Kate: irl mean anime girlJan 17, 2021, 9:20:04 AM

Both women switch between fear and marvelling as they are protected by what they are fear. For Bella, she's afraid of shiny vampire teeth, and Jane is afraid of the primal nature of a man raised as an animal. There's something innate about the desire to be protected by the masculine nature inside women's lust-brains. To be afraid of, and protected by, toxic masculinity.

In 1932, they were capable of a more direct symbolism, whereas in the 2000's you have to lie and bury it deep, and even then feminists will sense the natural truth that it's conveying and call it sexist. Twilight is women trying to process their lust for masculism in a society that demonises it. She's not both attracted to afraid of his primal sexual nature. It isn't the threat of rape that gets her confused, but 'biting' I guess. It's supernatural opposed to primal natural. That's better, easier to digest.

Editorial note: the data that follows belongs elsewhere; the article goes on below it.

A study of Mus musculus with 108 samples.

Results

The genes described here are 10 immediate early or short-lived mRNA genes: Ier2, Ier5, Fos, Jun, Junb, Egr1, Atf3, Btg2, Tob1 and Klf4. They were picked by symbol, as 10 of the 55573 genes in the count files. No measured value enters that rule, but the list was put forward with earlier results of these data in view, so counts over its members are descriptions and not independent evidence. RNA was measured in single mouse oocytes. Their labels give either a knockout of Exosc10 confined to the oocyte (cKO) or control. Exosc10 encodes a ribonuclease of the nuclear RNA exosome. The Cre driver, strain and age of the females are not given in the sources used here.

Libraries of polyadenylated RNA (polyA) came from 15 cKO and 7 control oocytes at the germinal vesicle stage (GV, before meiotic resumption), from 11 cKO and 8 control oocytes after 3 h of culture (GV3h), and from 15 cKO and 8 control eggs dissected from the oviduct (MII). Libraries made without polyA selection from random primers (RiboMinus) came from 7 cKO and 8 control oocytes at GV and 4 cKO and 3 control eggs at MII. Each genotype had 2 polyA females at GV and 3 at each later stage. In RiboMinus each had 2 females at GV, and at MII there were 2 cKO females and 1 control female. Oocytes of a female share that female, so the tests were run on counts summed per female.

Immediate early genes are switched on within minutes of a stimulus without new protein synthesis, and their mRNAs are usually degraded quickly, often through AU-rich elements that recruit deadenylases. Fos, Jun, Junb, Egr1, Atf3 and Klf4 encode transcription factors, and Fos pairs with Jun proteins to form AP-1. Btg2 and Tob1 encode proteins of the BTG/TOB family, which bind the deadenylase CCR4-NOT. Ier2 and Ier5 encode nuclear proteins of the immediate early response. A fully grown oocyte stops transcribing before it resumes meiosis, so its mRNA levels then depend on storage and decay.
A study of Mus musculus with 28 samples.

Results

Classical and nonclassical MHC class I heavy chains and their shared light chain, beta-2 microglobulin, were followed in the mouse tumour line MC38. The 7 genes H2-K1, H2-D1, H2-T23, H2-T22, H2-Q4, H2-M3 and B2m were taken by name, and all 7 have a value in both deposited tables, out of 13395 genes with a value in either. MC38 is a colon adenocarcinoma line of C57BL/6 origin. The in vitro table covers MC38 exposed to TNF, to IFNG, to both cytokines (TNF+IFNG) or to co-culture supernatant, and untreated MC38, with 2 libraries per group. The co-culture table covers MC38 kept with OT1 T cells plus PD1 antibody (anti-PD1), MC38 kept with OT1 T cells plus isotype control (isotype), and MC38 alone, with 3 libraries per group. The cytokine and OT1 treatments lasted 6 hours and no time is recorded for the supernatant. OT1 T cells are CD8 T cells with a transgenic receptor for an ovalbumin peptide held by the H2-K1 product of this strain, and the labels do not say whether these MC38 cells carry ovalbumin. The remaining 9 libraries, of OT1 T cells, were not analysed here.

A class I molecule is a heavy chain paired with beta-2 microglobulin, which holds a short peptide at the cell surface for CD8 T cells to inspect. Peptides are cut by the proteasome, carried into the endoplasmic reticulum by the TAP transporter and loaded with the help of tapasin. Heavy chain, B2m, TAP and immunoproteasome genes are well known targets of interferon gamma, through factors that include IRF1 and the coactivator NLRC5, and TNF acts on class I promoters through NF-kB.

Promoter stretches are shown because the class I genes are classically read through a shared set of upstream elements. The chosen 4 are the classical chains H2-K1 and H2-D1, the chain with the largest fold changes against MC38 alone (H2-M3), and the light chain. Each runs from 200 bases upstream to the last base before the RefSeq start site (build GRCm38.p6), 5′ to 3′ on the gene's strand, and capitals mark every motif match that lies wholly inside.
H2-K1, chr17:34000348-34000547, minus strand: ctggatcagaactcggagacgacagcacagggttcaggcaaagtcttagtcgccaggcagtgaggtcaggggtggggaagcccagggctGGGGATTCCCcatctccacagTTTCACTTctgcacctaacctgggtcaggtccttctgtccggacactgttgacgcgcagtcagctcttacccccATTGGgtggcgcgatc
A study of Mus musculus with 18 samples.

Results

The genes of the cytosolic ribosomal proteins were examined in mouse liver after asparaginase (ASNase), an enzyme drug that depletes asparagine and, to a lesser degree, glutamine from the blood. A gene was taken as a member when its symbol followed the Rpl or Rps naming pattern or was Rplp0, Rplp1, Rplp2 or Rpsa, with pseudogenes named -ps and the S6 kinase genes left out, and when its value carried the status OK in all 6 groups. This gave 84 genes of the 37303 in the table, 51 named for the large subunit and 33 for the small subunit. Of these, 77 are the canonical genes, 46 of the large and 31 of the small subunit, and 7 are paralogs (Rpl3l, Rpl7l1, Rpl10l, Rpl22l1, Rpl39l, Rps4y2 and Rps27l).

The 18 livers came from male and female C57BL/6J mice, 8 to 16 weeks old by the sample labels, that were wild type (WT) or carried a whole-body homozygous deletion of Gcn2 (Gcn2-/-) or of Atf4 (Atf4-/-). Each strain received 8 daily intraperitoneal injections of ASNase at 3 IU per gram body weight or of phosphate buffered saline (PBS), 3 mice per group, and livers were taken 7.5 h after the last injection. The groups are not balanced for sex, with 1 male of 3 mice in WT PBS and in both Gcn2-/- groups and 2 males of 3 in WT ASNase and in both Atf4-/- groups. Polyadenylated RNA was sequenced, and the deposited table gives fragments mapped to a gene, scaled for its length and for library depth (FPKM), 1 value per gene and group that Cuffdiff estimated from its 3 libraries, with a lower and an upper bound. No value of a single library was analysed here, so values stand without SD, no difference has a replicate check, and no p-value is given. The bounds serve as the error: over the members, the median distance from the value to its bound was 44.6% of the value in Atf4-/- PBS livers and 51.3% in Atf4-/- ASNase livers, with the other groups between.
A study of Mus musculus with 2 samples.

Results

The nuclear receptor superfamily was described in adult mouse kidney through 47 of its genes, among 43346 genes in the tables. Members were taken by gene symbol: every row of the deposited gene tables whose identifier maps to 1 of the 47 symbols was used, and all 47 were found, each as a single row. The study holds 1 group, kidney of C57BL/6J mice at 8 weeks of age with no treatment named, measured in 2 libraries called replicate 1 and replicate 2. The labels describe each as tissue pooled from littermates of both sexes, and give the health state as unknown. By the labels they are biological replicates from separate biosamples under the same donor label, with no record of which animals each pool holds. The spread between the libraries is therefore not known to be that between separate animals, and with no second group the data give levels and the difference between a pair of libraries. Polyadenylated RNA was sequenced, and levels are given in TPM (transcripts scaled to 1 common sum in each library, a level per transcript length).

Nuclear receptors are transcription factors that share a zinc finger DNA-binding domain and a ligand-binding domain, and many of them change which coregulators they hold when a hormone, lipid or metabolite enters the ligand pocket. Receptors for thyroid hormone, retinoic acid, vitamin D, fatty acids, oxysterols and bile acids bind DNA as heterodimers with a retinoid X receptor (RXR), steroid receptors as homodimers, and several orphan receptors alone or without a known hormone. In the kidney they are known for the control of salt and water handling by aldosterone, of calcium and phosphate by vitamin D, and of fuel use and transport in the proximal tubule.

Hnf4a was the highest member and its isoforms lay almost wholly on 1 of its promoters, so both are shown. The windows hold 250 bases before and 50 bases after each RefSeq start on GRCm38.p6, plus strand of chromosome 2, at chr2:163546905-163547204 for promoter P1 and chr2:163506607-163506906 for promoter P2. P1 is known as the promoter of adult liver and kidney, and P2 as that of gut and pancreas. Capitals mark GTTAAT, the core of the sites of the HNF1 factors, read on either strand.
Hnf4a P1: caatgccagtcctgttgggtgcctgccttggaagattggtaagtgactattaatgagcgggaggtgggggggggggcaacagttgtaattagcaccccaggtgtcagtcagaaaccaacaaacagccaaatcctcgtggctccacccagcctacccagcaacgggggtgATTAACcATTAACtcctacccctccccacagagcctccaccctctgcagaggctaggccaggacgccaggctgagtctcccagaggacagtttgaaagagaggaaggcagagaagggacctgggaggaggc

Anyway, Tarzan the Ape Man is great. It cuts between 'get away your animal maleness frightens me' to 'please hold me and protect me' within seconds in a cute way.

For almost half the film, Maureen O'Sullivan has to carry the film on her shoulders, and even more considering that her romantic lead can't really speak to her, and she does it fantastically. Her Jane is well-acted and well-written, not shying away from nature or danger but still being feminine. Effortlessly portrays the type of woman who would be both a contrast in femininity and attracted to that deep masculinity. She and her father, played by C. Aubrey Smith, have a fun chemistry. And, obviously, Johnny Weissmuller having the ability to portray a human yet animal man, and somehow having you believing it every minute is simply amazing.